MPE shares institutional Marcel Grossmann Award for development of eROSITA aboard SRG
On behalf of MPE, Dr. Peter Predehl has been presented with the institutional Marcel Grossmann award “for the creation of the world's best X-ray map of the entire sky, for the discovery of millions of previously unknown accreting supermassive black holes at cosmological redshifts, for the detection of X-rays from tens of thousands of galaxy clusters, filled mainly with dark matter, and for permitting the detailed investigation of the growth of the large-scale structure of the universe during the era of dark energy dominance”. MPE shares the award with the S.A. Lavochkin Association and the Space Research Institute (IKI) of the Russian Academy of Sciences.
MPE has received the award for the development of the eROSITA X-ray telescope aboard the Russian-German Spektr-RG mission, which was successfully launched from Baikonur on July 13, 2019 and placed in a halo orbit around the L2 point. It has since performed an all-sky X-ray survey with unprecedented sensitivity, spectral and angular resolution. The previous best map of this kind was provided by ROSAT, also an MPE-led project, more than 30 years ago. Already the first eROSITA map reached about 4 times deeper.
“If anything, eROSITA and SRG are performing even better than we had hoped and expected,” said Predehl. “It’s a dream come true.”
eROSITA was designed to detect at least 100.000 clusters of galaxies and map out the evolution of the large-scale structure of the Universe. The sky survey is also in the process of revealing millions of accreting supermassive black holes across cosmic time, and providing new insight into the physics of X-ray source populations in our galaxy, such as pre-main sequence stars, supernova remnants and X-ray binaries.
Clusters of galaxies are the largest collapsed objects in the Universe and their formation and evolution is governed by the competition between gravity, i.e. Dark Matter, and the mysterious “Dark Energy” which is causing the expansion of the University to accelerate. X-ray observations of clusters of galaxies can be used to measure accurately key cosmological parameters such as the rate of expansion of the Universe and its evolution, the amount of dark matter, and the amplitude of primordial fluctuations, which are the origin of the whole structure of the universe.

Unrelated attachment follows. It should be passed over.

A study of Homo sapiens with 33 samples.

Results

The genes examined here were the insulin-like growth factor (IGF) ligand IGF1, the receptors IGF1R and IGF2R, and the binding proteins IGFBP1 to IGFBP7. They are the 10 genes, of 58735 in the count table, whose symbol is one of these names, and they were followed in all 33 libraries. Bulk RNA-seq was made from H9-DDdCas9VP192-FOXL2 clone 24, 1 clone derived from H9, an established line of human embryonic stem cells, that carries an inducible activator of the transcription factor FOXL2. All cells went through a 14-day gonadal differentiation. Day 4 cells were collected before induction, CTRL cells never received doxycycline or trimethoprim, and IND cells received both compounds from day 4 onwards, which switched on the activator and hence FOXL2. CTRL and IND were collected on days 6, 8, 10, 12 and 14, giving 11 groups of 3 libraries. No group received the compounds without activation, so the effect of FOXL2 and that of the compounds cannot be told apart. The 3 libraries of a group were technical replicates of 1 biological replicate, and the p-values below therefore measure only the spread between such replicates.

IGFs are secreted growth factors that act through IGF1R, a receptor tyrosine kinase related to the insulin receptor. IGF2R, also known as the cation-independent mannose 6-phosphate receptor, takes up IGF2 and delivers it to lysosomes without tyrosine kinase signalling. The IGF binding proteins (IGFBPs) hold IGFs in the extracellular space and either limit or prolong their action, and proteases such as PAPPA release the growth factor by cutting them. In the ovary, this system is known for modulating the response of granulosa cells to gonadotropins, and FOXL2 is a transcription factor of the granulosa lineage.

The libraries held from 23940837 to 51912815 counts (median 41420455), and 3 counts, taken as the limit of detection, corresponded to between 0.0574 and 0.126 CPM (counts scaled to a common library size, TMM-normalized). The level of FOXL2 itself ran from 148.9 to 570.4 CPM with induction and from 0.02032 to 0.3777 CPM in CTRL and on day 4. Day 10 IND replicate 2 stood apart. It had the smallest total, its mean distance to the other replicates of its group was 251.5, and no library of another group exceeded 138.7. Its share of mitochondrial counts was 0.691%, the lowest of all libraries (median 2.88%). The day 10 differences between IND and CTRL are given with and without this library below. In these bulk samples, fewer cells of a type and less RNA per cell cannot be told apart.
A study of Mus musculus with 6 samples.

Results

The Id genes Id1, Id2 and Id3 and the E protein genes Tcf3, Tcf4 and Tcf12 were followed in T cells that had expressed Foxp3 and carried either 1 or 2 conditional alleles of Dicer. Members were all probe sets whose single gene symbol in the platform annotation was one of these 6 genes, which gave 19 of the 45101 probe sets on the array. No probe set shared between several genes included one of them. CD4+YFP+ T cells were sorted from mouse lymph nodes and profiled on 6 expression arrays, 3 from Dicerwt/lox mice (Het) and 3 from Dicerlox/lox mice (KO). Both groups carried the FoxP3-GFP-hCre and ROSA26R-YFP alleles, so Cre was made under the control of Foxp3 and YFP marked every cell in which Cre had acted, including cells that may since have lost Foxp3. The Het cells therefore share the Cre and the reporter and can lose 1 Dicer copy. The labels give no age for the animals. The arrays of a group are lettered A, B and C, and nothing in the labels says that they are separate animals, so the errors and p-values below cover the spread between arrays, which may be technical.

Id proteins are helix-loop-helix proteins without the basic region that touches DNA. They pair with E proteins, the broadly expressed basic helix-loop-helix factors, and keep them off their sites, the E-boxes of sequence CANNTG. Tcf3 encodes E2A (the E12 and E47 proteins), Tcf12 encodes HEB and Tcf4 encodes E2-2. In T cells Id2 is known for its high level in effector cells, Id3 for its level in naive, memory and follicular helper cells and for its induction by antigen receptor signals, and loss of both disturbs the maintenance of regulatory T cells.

The eROSITA telescope consists of seven identical Wolter-1 mirror modules. Its novel detector system was developed by MPE based on the successful XMM-Newton pn-CCD technology. MPE is the scientific lead institute of eROSITA, responsible for the development of the instrument, the operation, the analysis software and data archive. In 2020, eROSITA completed the first of eight surveys and, at this time, already discovered more than 1 million X-ray sources, more than all X-ray observatories of the last 50 years together. This demonstrates that the design goals of the mission will easily be fulfilled.
The award comes hot on the heels of the first public release of eROSITA data, together with a slew of scientific papers prepared by the German eROSITA collaboration that prove the discovery power of the instrument. “Under Peter Predehl’s leadership the eROSITA team has conceived, designed and built a state-of-the-art instrument. We are now successfully operating it in space, processing and analysing the data on the ground, and delivering on its scientific promise”, said Kirpal Nandra, Director at MPE and head of the High Energy Group. “It’s a remarkable achievement for the Institute and a delight for this to be recognized with this award, along with our partners in Russia.”
As Principal Investigator, Predehl led the development of eROSITA and was German lead scientist of the SRG mission for more than a decade. But he is the first to point out that eROSITA’s success is the culmination of the efforts of an exceptionally talented, hard-working and dedicated team. „Many individual MPE members have received prizes in the past, but this is the first one for the institute as a whole”, he adds. “It’s great that the whole team effort has been recognized, and I am proud to have contributed to this amazing project.”
The Marcel Grossmann Award is named for a Swiss mathematician and a friend and classmate of Albert Einstein. Since 1985, the International Center for Relativistic Astrophysics in Rome presents the awards for research in gravitation and astrophysics at the Marcel Grossmann meetings, which take place every three years. There are both individual and institutional awards. Each recipient receives a silver casting of the T. E. S. T. sculpture by the artist A. Pierelli.